Low-Calorie Diet’s Effects on Longevity Next in UC Riverside Library Series

Professor Stephen Spindler to Speak on his Research Linking the Two

(March 5, 2004)

Stephen Spindler

Stephen Spindler

RIVERSIDE, Calif.— Stephen Spindler, professor of biochemistry at the University of California, Riverside, will speak about his research on the correlation between calorie restriction and longevity, and will answer questions from 3:15 p.m. to 4:30 p.m., Wednesday March 24, 2004. It is the sixth talk of the 2003-04 UCR Libraries’ Author Series, which will be Web cast live from the fourth floor of the Tomás Rivera Library, 900 University Ave., Riverside.

For more information about the UCR Libraries’ Author Series, call or e-mail Melissa Conway, the head of Special Collections at (909) 787—3233.

According to Spindler’s research, the fewer calories an animal consumes — provided malnutrition is avoided — the slower an animal ages and the lower the death rate from cancer, heart disease and diabetes. Spindler has served on several advisory groups and committees for the National Institute on Aging, and National Institutes of Health.

Spindler has been probing the life-extending effects of calorie restriction using advanced gene chip technology. The major conclusions from this study are that many of the life extension effects of calorie restriction happen rapidly, and that these effects can be shown not only in young animals, but also in old animals not previously on calorie restriction. Calorie restriction not only slows aging and extends maximum life span, but it partially reverses some of the changes associated with aging as well.

The monthly Author Series, which began in September 2002, brings the riches of the campus libraries to the community. According to organizer Melissa Conway, who heads UC Riverside’s Special Collections, the authors are all affiliated with UC Riverside. All UC Riverside Libraries’ Author Series events are free and open to the public.

Parking on campus is $6 per vehicle for the day or may be purchased for shorter periods at $2 per hour. Parking permits are available at the information kiosks near the University Avenue and the Canyon Crest Drive and Martin Luther King Jr. Boulevard entrances.

Other authors scheduled in the series include:

  • April 14: Maurya Simon, chair and professor of creative writing, will read from her book of poetry, A Brief History of Punctuation (Sutton Hoo Press, 2002). Simon is also the author of The Enchanted Roo and Days of Awe (Copper Canyon Press, 1986, 1989), Speaking in Tongues (Gibbs Smith, 1990), and The Golden Labyrinth (Univ. of Missouri Press, 1995). Her sixth volume of poetry, Weavers, is forthcoming from Blackbird Press. Professor Simon’s poems have appeared in several publications, including The New Yorker, Poetry, TriQuarterly, The Southern Review, The Kenyon Review, Ploughshares, The Los Angeles Times Book Review, the New England Review, and in more than thirty anthologies.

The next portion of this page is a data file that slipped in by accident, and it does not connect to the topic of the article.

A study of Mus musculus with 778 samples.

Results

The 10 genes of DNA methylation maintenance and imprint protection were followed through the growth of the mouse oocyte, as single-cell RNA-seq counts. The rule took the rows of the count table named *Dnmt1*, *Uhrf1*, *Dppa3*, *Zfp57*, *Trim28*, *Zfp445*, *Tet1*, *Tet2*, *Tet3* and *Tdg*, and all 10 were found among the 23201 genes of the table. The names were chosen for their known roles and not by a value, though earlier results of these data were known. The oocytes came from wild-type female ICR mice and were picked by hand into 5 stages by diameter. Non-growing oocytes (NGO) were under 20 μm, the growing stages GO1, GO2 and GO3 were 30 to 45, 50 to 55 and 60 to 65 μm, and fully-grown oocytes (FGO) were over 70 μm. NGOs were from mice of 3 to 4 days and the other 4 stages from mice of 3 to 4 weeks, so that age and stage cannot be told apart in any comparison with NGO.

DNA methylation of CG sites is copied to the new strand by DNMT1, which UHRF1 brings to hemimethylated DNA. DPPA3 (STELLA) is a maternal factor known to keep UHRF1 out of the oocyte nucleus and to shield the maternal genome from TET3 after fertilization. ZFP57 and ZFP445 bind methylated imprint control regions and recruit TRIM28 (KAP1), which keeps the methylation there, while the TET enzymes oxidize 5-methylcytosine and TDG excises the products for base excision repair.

• May 19: Howard K. Wettstein, professor of philosophy, will speak on Diaspora and Exiles: Varieties of Jewish Identity (University of California Press, 2002), which he edited. Wettstein is also the author of Has Semantics Rested on a Mistake? and Other Essays (Stanford University Press, 1991), and The Magic Prism—An Essay in the Philosophy of Language (Oxford University Press, 2003), and numerous articles on the philosophy of language. Diaspora and Exiles considers the question of Jewish identity from the perspectives of anthropology, art history, comparative literature, history, philosophy, political theory, and sociology.

  • UC Riverside’s Libraries are the focal points for research and study on campus. Their collections include 2,081,146 volumes, 12,444 serial subscriptions and 1,672,042 microforms housed in five facilities: the Tomás Rivera Library (serving the humanities, arts and social sciences); the Science Library; the Music Library; Media Library; and Special Collections, housing rare books and manuscripts, and unique archival resources. For more about the UC Riverside Libraries, go to

    The University of California, Riverside ( is a doctoral research university, a living laboratory for groundbreaking exploration of issues critical to Inland Southern California, the state and communities around the world. Reflecting California's diverse culture, UCR's enrollment has exceeded 21,000 students. The campus opened a medical school in 2013 and has reached the heart of the Coachella Valley by way of the UCR Palm Desert Center. The campus has an annual statewide economic impact of more than $1 billion.

    A broadcast studio with fiber cable to the AT&T Hollywood hub is available for live or taped interviews. UCR also has ISDN for radio interviews. To learn more, call (951) UCR-NEWS.